Q: Where does Samsung see itself as a DRAM and SSD manufacturer in the data centre context?
A: Data centres don’t have it easy these days. The space available for servers in data centres is finite, the power consumption permitted is capped and the demand for the volumes of data that can be processed daily is soaring. The aim here is to maintain a balance between the need for more capacity and the increased demand for performance at an acceptable price. We regard ourselves as being on the innovative side of our industry, and new Samsung 3D technologies help our customers in the storage sector especially to achieve this difficult balance more easily.
Q: Where do the challenges for coping with the demands on data centres lie?
A: Big data is driving a lot of things forward, and this is also having an impact on working memory. Enormous volumes of data are being produced everywhere, including in the private domain, for example at events. Everything is being photographed and filmed nowadays. From your smartphone, your snaps are uploaded to familiar platforms and then they get shared on from there.
Big data certainly doesn’t just mean financial risk modelling in banks, it also means perfectly normal things, things that we use every day. These are services and business models that are made possible through these volumes of data and quick access to the data, whether it be Facebook, Instagram, Amazon or Uber. The list is endless, and up-and-coming IoT applications will multiply these demands yet again. The result is that there is a tremendous demand for high-performance storage capacity. Over the next three years, market researchers anticipate almost a doubling of demand, especially in the field of mobiles and SSDs. For NAND, for example, iSuppli cites an annual market growth of 42%.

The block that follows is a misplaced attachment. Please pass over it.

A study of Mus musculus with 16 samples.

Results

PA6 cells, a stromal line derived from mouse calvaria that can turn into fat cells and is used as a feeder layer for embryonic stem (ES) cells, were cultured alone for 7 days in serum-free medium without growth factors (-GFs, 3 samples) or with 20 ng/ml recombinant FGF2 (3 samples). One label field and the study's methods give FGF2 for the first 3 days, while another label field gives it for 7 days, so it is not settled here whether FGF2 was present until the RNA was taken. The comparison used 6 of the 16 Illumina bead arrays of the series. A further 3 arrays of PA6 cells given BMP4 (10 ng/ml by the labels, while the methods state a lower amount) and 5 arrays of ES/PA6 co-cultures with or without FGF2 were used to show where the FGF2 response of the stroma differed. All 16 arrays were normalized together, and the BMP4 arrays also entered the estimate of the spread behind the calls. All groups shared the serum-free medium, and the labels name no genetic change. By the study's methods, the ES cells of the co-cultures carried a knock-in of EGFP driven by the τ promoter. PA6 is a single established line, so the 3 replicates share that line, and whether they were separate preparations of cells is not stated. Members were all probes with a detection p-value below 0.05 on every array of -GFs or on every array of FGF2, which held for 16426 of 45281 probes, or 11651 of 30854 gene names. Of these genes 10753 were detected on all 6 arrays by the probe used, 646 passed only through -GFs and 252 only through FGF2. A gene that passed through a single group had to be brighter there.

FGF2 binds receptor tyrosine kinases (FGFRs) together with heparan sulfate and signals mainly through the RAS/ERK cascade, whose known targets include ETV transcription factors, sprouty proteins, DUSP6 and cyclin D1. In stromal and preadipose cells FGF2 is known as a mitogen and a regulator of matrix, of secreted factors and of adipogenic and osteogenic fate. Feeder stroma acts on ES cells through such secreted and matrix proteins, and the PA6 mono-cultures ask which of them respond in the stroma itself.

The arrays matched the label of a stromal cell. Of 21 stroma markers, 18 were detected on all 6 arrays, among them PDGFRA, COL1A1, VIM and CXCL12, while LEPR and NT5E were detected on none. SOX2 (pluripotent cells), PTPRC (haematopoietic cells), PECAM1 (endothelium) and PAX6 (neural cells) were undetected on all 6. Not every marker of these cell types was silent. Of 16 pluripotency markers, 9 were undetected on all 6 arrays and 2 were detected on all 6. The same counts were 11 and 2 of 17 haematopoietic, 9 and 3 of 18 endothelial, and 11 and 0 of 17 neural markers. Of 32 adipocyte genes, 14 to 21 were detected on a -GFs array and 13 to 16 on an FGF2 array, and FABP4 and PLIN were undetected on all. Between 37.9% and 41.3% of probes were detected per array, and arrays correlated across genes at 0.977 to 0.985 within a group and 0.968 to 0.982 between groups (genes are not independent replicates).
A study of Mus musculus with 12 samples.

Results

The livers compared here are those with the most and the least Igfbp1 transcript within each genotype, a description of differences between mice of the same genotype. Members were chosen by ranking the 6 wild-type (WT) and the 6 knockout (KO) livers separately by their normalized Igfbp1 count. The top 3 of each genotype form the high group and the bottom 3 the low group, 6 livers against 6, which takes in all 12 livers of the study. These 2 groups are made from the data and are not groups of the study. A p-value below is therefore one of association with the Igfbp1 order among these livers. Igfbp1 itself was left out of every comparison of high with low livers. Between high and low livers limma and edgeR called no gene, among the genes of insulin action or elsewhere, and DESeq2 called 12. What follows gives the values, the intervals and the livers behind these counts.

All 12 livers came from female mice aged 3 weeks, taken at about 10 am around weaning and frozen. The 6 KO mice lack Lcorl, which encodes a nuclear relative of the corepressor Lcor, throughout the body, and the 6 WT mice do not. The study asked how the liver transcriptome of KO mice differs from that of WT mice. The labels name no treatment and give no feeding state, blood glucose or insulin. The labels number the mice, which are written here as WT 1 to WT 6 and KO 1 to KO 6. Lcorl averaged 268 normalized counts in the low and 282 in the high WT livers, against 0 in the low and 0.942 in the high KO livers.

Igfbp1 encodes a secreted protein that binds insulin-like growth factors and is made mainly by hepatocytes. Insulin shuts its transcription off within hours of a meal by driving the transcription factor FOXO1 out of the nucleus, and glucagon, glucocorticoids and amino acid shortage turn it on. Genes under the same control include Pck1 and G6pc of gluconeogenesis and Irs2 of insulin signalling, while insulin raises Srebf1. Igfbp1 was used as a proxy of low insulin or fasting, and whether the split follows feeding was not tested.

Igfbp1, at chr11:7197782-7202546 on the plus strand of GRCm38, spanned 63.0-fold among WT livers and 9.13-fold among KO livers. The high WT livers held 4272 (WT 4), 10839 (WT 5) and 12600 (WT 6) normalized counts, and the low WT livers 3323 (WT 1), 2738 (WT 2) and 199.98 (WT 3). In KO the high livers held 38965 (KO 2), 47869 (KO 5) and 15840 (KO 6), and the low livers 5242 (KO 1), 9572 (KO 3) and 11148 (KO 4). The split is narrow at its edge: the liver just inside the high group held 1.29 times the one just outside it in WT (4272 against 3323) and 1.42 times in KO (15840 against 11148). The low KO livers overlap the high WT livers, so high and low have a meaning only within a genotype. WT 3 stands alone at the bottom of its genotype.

The memory/storage subsystem has very clearly moved from an “also-ran” position to pole position in the data centre, even though not every user might be aware of it today. And while we're on the subject of Formula 1, without big data and real-time computing, it wouldn’t even be possible, because the drivers are controlling racing cars that are packed full of sensor technology that is constantly communicating with high-powered computers in the racing stable to optimise performance and tactics in the race. And let’s not forget the design phase for these cars, which is nowadays dominated by CFD (computational fluid dynamics) and virtual wind tunnels.
Q: What impacts is this having on storage systems, and in particular on disk storage?
A: The hard drive has a long way to go yet. Even if all of the storage manufacturers put their production capacities for NAND flash together, it wouldn’t be enough to cover total demand. What we are seeing, however, is that tier 0 and tier-one storage are moving towards flash, and even tier-two is already being discussed. This trend is extremely clear. We’re also seeing it in sales figures. In 2015, we sold three times as many SSDs as we did in the previous year. And after the first quarter, it's already evident that this trend is continuing.